Probably one of Waheeda’s best performances, she effortlessly plays competent nurse, jilted lover, nurturing companion and manic depressive, shifting with ease from one to the next, her eyes doing most of the emoting. Rajesh Khanna is pretty good, but I would give higher marks to Dharmendra who engages the audience without really being there – a “Rebecca” like scenario where you catch glimpses of him every now and then, hear his unmistakable voice a few times but feel his presence through and through.
The story is simple; Dharmendra is a victim of unrequited love, and is institutionalized for acute mania. The chief of the department at the Mental Care Facility has a theory that if the patient is given unconditional love and care by a woman, he is likely to forget and forgive the previous mental trauma he has suffered at the hands of the other woman and completely recover. What the Chief does not bargain for is the whole transference and counter transference phenomenon. He commissions nurse Radha (Waheeda Rahman) to take on the case; she throws herself into the job but falls in love with the patient – who falls in love with the concept of love, and not the person. So when he recovers from his mental condition he is able to forget the nurse and shift his emotions back to his old girlfriend. He moves on, but she is shattered.
Oblivious, the Chief commends himself on the success of his experiment and takes on another similar case, this time Rajesh Khanna. Radha has still not recovered from her previous experience, but circumstances force her against her will to take on the new patient, with unexpected results.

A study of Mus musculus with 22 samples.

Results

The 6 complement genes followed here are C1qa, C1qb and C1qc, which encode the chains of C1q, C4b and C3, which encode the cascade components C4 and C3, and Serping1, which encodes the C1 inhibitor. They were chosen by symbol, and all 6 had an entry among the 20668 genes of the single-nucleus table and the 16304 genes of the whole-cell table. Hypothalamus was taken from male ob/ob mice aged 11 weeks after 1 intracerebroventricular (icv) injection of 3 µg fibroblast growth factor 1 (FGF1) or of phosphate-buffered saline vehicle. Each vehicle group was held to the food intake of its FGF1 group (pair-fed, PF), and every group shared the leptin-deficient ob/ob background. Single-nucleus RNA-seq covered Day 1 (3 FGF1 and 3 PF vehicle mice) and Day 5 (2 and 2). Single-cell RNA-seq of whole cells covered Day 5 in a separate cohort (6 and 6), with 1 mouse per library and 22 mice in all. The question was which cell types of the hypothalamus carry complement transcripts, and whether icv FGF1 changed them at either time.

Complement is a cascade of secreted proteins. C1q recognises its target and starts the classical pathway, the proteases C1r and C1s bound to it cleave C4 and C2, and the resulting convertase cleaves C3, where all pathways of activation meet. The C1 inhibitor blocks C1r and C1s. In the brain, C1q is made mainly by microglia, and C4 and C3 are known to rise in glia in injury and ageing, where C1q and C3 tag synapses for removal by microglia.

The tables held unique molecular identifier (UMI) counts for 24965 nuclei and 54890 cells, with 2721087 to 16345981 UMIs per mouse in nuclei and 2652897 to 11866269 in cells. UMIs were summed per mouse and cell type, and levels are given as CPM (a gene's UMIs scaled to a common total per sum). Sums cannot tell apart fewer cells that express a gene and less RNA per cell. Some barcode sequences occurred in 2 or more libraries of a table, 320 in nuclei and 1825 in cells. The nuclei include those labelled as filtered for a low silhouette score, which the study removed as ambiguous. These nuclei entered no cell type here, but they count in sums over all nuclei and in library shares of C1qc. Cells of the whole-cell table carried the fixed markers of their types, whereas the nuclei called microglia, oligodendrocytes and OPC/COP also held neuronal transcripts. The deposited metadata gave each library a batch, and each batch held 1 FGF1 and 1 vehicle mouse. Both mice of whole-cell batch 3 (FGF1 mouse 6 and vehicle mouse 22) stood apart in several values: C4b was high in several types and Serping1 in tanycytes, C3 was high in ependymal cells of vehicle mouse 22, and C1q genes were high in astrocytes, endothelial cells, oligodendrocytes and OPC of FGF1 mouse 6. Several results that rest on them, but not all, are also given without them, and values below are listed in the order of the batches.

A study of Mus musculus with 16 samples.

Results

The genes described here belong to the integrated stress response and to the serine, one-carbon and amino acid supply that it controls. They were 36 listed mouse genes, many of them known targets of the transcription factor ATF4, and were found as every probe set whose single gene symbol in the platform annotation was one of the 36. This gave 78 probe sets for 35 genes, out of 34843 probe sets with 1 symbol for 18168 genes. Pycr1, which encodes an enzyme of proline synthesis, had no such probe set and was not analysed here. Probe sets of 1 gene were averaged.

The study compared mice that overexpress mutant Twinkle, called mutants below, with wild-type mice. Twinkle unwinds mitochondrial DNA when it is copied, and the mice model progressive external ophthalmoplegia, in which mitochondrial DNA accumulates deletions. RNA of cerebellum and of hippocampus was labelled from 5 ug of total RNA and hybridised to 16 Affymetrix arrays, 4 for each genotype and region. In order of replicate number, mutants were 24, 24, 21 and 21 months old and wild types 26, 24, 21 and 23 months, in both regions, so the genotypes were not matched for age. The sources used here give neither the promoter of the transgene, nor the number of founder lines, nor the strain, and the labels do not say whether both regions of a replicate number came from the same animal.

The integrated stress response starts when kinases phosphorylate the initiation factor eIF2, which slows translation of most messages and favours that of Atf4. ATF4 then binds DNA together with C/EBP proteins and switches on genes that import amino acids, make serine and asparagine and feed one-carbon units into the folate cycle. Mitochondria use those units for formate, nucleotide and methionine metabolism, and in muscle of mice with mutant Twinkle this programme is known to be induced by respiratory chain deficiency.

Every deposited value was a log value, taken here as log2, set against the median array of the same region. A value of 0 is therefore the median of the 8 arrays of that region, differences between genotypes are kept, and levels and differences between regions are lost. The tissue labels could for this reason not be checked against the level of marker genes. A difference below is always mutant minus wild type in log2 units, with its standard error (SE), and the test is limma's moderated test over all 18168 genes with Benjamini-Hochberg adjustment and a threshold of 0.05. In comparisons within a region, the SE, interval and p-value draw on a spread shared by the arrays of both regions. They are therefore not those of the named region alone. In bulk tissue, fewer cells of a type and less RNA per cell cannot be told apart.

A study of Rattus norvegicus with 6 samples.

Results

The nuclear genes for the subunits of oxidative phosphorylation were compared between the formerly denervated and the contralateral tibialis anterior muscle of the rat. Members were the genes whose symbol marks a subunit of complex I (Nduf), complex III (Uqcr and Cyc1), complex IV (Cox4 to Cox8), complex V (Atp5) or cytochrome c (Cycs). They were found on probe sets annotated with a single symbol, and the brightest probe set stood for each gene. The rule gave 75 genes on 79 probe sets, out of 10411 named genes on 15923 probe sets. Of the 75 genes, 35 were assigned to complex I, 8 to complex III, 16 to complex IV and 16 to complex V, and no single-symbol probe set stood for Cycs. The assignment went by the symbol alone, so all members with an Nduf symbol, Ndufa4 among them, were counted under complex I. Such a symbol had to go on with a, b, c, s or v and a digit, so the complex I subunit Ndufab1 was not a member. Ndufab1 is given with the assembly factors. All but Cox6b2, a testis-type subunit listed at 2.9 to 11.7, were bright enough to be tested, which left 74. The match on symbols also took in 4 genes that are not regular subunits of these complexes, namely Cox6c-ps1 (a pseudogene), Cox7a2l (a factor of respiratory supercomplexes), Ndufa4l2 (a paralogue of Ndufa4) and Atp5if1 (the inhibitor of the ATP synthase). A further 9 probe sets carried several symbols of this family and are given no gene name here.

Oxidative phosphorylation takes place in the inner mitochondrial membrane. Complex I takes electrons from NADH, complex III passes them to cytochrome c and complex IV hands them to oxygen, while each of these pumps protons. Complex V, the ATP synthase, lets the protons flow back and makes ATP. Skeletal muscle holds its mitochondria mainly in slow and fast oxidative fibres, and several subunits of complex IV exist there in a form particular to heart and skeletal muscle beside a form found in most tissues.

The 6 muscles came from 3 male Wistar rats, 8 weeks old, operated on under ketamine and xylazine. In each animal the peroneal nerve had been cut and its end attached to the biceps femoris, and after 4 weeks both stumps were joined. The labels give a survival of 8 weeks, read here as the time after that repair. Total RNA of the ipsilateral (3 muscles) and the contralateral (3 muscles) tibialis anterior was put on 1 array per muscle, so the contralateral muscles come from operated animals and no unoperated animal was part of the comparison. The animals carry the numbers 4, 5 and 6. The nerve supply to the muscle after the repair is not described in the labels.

I will say this though – you need to have a pretty good command over the language, a keen appreciation of poetry and of course, a big dose of patience to see the plot through. It does move slowly, so don’t expect instant gratification like you would from true blue Bollywood. My husband (whose Hindi language skills are quite shaky) invited himself to watch with me. 1969 was not really the age of political correctness, so some of the carelessly used words prompted the classic “Can they really say that?” reaction from him.
I am not sure Gulzar himself completely understood the sheer genius of lyrics like “Humne dekhi hai un ankhon ki mehekti khushboo”. “Tumhara intezaar hai” will give me goosebumps everytime. “Woh shaam” is another unforgettable number. Even the drunken Deven Varma number “Dost kahaan koi tumsa” was inspired.
I had a really good time. Wept buckets. Value for time and money? Totally. I would give Khamoshi a perfect 10. How I wish Naz8 would air some of these dusty old classics from time to time.